I’m connecting the dots with a couple of stories that have appeared in recent issues of the Morrison County Record.  In this week’s issue (February 24, 2008), there was an article in the Education section on a Swanville student who had to be out of school for surgery.  (I’d link to the story, but it doesn’t appear to have been put online.)  So that he wouldn’t miss much during his recovery, school district staff Cheryl Johnson and Neal Weisz rigged up a webcam in the student’s home that was connected to his classroom.

What a brilliant idea.  And, according to Johnson, one that hasn’t been done in this area before.  Now that the Swanville district has taken the lead and shown the possibilities for home education through technology, perhaps other districts will get on board.  This would have been a simple solution to implementing the 504 plan for Olive Rockfish’s daughter in the Little Falls district.  (See here and here.)

Aside from innovative uses of technology in the classroom, where else might technology transform our usual way of life?  How about that library folks in Pierz would like to see built?

Technology has already seriously affected how libraries operate and you have to look no further than the Carnegie Library in Little Falls to see that it is so.  When I was a kid, you could check books out of the library, or look at magazines in the library, and that was pretty much it.  Now, you have your choice of not only books and magazines, but books on tape or CD, music CDs, movies, and on-site access to the internet.  The Carnegie is a part of the Great River Regional Library system, which has implemented an online book catalog and check-out system.   This means that if you have internet access at home, you can peruse the library catalog at your leisure outside of regular library hours and place holds on items for check-out at your convenience.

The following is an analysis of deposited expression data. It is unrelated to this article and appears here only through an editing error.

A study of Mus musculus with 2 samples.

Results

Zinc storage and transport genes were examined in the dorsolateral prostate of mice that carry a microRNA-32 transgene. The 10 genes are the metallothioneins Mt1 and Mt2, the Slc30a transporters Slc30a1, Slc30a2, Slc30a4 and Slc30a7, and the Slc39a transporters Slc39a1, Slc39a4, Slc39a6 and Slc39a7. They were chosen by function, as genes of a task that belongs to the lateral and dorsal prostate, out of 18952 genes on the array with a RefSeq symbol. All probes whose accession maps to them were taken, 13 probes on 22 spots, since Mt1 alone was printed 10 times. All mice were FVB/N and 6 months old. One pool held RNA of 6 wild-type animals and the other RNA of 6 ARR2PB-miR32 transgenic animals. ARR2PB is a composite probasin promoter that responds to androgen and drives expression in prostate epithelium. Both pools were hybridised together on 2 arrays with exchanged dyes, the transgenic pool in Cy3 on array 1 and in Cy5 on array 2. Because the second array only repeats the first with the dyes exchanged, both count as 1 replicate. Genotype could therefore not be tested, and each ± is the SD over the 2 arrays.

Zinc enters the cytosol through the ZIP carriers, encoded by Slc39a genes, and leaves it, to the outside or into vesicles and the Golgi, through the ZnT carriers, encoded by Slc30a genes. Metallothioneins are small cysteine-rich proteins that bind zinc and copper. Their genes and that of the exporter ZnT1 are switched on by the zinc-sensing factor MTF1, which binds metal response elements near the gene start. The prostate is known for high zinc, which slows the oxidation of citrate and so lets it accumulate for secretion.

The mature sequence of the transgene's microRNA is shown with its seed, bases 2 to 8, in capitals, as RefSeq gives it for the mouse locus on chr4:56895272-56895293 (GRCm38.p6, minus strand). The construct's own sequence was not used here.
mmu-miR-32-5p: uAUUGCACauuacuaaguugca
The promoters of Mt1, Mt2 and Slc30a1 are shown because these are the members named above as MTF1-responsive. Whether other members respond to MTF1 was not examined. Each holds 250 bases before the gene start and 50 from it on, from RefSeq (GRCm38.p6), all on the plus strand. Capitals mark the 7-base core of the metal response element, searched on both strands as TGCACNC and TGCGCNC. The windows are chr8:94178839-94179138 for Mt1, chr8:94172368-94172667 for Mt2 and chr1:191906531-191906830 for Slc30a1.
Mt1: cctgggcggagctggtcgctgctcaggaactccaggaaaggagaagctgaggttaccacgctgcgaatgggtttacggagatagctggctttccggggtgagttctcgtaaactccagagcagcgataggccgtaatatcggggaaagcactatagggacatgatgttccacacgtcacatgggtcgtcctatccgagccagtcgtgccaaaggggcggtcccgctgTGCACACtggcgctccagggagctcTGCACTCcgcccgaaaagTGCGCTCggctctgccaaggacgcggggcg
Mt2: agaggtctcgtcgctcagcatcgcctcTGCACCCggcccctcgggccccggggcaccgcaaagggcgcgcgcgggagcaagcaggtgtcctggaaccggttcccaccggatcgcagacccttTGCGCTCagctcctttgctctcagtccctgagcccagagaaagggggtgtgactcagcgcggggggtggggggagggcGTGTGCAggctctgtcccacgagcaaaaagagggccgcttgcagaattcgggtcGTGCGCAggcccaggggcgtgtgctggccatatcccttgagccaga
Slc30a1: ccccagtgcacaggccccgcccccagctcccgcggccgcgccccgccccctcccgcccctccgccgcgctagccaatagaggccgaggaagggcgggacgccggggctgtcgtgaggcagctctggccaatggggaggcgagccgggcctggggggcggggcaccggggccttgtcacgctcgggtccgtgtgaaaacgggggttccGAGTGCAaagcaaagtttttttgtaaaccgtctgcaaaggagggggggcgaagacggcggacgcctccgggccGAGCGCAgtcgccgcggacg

The entire production and distribution of all kinds of media has turned topsy-turvy with the internet, which will naturally cause changes in how libraries operate.  As downloadable audio books and e-books become standard, could it be that the space we devote to books in our public libraries will shrink?  That would seem to be an obvious outcome.

I am not privy to the specifics of Pierz’s library plan, but I do hope the building’s planners are taking all of these factors into consideration.  Building a ‘traditional’ library at this point in time doesn’t seem to be the wisest course of action.  Envisioning a futuristic library, one that would meet needs we can only imagine at this point, is what Pierz should be shooting for.  Think what can be done with webcams nowadays.

Fish is brain food, but I’d prefer it if you didn’t look at me in that light,

Phineas F. A. Pickerel

If you’d like a weighty read on book circulation in libraries over time, check out this study done by Douglas A. Galbi.